Due to the advancements in technology most people now have the ability to take part in a video interview which is great news for employers. Conducting an interview by video rather than in person has many advantages and not to mention can sometimes be essential to ensure the continuity of business for some organisations.
However, there are quite a few easy pitfalls that interviewers often fall in to, if you are new to video interviewing or you would like to double-check your methods, take a look at our top tips here:
- Use a tool that’s easy for both parties. Some platforms require downloading apps and register processes, this can cause complications and delays, particularly if the interviewee didn’t realise they had to download it until 5 mins before the call. Some video software is also just not that easy to use, when choosing a platform be sure to user-test a few and pick the one that seems the simplest.
- Arrange the interview in advance. Just because this is a video interview it does not mean that it is a good idea to request an interview that day. It is still an interview and the interviewee needs time to prepare, especially if they need to familiarise themselves with the video platform.
- Choose a quiet location with good lighting. Videos can look quite dark so it is best to pick a bright location so the viewer can have a clear view. Also, think about the sound quality, some rooms have a natural echo but plants and soft furnishings can reduce that.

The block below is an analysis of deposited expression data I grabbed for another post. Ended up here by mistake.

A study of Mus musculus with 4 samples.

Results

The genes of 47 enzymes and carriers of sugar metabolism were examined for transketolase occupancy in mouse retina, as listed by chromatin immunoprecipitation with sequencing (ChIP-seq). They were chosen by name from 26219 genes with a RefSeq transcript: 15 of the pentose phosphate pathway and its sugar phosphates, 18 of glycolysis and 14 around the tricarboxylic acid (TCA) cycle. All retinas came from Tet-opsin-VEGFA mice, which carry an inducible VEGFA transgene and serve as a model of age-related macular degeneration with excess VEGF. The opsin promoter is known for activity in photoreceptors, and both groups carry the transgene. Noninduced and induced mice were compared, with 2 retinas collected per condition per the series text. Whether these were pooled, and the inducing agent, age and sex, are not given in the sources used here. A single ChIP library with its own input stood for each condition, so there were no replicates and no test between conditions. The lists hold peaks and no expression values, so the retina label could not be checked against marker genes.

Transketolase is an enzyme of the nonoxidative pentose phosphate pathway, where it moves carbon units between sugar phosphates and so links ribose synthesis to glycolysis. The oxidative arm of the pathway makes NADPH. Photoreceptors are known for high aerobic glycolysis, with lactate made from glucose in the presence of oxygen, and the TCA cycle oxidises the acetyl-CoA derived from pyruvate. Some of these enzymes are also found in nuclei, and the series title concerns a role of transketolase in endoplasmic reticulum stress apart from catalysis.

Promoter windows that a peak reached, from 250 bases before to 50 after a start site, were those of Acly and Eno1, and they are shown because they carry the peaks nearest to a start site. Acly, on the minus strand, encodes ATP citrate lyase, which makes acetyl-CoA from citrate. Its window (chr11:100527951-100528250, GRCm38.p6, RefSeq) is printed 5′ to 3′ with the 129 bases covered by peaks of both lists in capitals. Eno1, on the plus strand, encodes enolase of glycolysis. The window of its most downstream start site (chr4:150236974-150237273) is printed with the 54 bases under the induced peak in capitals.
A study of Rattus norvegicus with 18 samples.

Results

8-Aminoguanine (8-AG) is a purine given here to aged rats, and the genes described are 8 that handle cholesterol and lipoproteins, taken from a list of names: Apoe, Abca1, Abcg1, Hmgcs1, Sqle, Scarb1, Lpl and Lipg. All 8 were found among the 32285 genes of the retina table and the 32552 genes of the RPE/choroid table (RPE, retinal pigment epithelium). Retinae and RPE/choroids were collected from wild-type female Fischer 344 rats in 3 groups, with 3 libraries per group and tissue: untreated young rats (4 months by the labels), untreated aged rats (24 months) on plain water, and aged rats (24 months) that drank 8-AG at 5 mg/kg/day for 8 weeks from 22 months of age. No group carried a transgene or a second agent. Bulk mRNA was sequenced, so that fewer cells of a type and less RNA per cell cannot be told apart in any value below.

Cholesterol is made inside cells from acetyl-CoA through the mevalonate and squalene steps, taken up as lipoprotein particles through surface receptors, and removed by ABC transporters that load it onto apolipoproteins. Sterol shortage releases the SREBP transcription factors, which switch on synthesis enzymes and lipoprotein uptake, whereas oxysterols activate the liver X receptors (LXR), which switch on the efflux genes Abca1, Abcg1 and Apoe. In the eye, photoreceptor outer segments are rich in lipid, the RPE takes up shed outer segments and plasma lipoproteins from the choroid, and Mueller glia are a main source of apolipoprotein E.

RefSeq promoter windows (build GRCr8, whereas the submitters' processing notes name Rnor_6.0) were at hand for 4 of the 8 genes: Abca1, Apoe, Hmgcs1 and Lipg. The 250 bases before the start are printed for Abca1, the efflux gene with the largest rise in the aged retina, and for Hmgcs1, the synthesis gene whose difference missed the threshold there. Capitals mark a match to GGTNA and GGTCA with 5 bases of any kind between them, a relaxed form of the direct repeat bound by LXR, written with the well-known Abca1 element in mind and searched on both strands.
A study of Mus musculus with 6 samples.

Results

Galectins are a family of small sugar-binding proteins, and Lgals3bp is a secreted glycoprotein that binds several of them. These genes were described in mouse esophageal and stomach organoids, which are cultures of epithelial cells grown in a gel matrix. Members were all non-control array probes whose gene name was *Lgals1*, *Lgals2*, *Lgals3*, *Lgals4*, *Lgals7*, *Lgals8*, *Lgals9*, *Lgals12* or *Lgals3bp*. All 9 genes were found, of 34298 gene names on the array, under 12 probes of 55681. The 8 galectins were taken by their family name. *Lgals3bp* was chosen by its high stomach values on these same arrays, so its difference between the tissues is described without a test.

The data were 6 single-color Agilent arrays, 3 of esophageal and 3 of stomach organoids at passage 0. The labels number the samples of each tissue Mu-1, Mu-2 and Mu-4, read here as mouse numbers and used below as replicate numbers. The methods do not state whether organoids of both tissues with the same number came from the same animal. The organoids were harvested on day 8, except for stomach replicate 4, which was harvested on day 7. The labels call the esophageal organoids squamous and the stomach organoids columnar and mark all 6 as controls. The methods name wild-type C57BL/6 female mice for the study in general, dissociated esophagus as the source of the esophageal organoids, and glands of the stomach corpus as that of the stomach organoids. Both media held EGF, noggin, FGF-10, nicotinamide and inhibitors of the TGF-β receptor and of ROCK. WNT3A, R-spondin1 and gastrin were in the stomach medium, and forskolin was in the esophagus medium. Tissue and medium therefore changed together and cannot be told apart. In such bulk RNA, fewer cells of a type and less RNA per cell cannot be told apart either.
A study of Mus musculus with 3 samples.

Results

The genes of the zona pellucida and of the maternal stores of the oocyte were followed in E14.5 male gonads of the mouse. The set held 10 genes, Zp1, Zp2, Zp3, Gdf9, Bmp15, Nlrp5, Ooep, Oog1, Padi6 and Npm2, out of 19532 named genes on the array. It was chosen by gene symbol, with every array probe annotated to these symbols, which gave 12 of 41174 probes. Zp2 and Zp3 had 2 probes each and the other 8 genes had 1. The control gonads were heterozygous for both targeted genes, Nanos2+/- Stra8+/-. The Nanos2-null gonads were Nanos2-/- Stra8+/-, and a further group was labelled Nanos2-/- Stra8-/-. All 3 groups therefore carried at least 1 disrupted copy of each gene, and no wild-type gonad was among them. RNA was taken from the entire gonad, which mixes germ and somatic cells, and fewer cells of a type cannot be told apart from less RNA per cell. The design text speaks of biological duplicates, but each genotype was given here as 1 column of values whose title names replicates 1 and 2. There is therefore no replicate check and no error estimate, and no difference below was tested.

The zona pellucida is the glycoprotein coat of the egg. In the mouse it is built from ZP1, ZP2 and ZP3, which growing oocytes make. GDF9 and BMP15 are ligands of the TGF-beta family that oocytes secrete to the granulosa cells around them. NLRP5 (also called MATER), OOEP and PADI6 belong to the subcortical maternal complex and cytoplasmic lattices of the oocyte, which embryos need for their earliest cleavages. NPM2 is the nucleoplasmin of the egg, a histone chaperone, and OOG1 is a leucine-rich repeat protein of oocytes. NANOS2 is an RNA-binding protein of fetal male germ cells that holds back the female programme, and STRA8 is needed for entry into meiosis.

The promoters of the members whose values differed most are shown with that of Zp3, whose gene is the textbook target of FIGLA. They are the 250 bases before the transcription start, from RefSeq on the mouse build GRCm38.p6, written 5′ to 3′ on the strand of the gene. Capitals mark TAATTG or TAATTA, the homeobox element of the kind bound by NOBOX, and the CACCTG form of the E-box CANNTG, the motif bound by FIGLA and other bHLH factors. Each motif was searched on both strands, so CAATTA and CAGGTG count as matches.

- Remember that they can still see you. Even though you might be working from home and they might be at home, try to make sure you still make a good first impression. Remember we are working within a candidate driven market and you want the candidate to want to take your potential job offer over another company. In a recent survey conducted by CK, 38% of people said that a new company environment worried them the most about taking a new job offer. In view of this remember to smile, show that you are a welcoming person to work for.
- Keep background noise to a minimum. Background noise such as someone interrupting the interview can disrupt the flow and give an unprofessional impression. If you are working from home ensure that you will not be interrupted by the dog barking etc. We all remember the BBC news reporter whose children unexpectedly invaded the office while he was on a live report.
- Be enthusiastic and clear. Video technology has the ability to mute the natural vivacity of everyone involved in the call. In order to come across as your normal self, you may need to be a little more enthusiastic than usual in order for it to translate well on the screen (remember this when evaluating the interviewee)
- Know what questions you want to ask. It’s very tempting to see this as something less structured or less formal than a face to face interview. Remember you still want to capture the information you would do at a face to face interview.
- Give the interviewee the benefit of the doubt. Even with the best laid plans, when working remotely, children might walk into the room, the cat might sit on the keyboard, the individual might not feel as comfortable as they would be face to face. It’s certainly more difficult to build a rapport this way if it’s the first time you have met eye to eye. Please bear this in mind when making your decisions.